Critical Role: Mary Elizabeth McGlynn Talks Voice Directing The Legend of Vox Machina During Pandemic

The voice director of Critical Role's upcoming animated series saw new opportunities and [...]

The voice director of Critical Role's upcoming animated series saw new opportunities and challenges from recording voiceovers during the COVID-19 pandemic. Critical Role fans should be familiar with The Legend of Vox Machina's voice director Mary Elizabeth McGlynn, as she made multiple appearances during the popular web series' first campaign as the guest character Zahra. In addition to her countless appearances on various animated shows as a voice actor, McGlynn is also an experienced voice director that has worked on popular shows like She-Ra and the Princesses of Power, Star Wars: Resistance and the English dub of Cowboy Bebop. The Legend of Vox Machina provided new challenges for McGlynn, in part because the series is an adaptation of an improvised D&D came and because the series had to be recorded during a pandemic that prevented group recordings in a studio. had the chance to talk with McGlynn via email about her work on The Legend of Vox Machina, the unexpected benefits that remote recording provided, and fan expectations.

Mary Elizabeth McGlynn Headshot
(Photo: Mary Elizabeth McGlynn) You've been a voice director for some of the biggest cartoons in recent years, including She-Ra and the Princesses of Power. How does working on the upcoming Critical Role project compare to your other work, both in terms of the actual job "in the booth" and in terms of fan expectations?

Mary Elizabeth McGlynn: Well, I guess the biggest difference is the cast. These amazing people are my family. I officiated Laura and Travis' wedding so we've all been working and playing together for years. We all know which hats to wear during the sessions and which ones to take off to make sure we're getting what they need. Travis and Sam supervise everything as we go so it's a real collaborative effort. As for the fans, the love we feel from them is directly injected into the work we're doing in the booth. I'm very aware of expectations so that's always in the back of my mind, but at the end of the day it's about telling an amazing story to the best of our abilities. That way the fans are happy and so are people tuning in who are learning about Critical Role for the first time.

McGlynn: Did your past involvement with Critical Role impact how you approach voice directing the show?

Yes, of course! Being a fan of Critical Role as well as a guest on the show meant I was already fully entrenched in the context of the story and the arcs of the characters. It gave me the perfect foundation to build upon when recreating these characters for The Legend of Vox Machina. I was still an active viewer while in the booth but also had the responsibility of guiding the performances through each storyline.

What were the biggest challenges that recording during a pandemic presented? Were there any unexpected benefits to remote recordings?

McGlynn: Well, I have to admit, I love the remote recording that was thrust upon us when the pandemic hit. Don't get me wrong, there's nothing like the electricity between actors when they're all in the room together, but recording remotely made it a more intimate experience. We could really hone in on specific moments with each actor while still being in a remote room together. Usually, in a group record, the actors are very aware of not overlapping during the record. To do so would mean we'd have to "marry" the take, meaning the overlapped lines could not be separated during the editing process. But with everyone recording separately, on different tracks, we could have them overlap, interrupt each other, step on each other, which makes for a very naturalistic feeling during the scenes.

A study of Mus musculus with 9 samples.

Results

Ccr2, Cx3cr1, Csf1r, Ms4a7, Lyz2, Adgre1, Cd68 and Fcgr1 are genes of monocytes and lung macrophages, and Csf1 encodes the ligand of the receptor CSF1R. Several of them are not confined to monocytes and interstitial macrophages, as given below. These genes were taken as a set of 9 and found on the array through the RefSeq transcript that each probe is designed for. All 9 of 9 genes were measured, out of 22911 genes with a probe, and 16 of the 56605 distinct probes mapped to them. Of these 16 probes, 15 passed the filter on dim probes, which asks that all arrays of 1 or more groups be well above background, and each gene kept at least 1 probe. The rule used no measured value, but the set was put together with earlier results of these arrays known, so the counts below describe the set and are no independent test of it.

How does directing an adaptation of an RPG livestream differ from other projects you've worked on, especially since this is a property that all the voice actors are so familiar with?

McGlynn: I think the most fun part was taking material that was improvised on the show and finding that spark of making it up on the fly again with the scripted material. We're all actors, we're used to "lifting material" from the page to make it sound as if we're organically creating it. But in this instance, these actors actually did organically come up with the words they were speaking so the trick was to make it sound as spontaneous as it did on the live stream. That's something I've not encountered before with any other show. This is also a testament to our brilliant writing team who adapted the streaming content into the recreated story arc of the animated series.

Any final words for the Critters as they wait for The Legend of Vox Machina to come out?

Hold onto your butts because this is going to blow your minds. Be prepared to see everything you love about Critical Role and these amazing characters, but also be ready for the unexpected. It's a huge undertaking to bring so many characters to life that initially were created by the cast and especially by Matt. We remain true to the essence of all of them, but as in any adaptation, there may be a few surprises which we hope you will enjoy. And I can't wait for you all to see what this amazing team of actors, writers, artists, animators and creatives have been cooking up. Long live Vox Machina!

The Legend of Vox Machina will air on Amazon Prime. No release date has been announced for the series, but Amazon Prime has stated that the series is coming soon. Amazon Prime has also renewed The Legend of Vox Machina for a second season.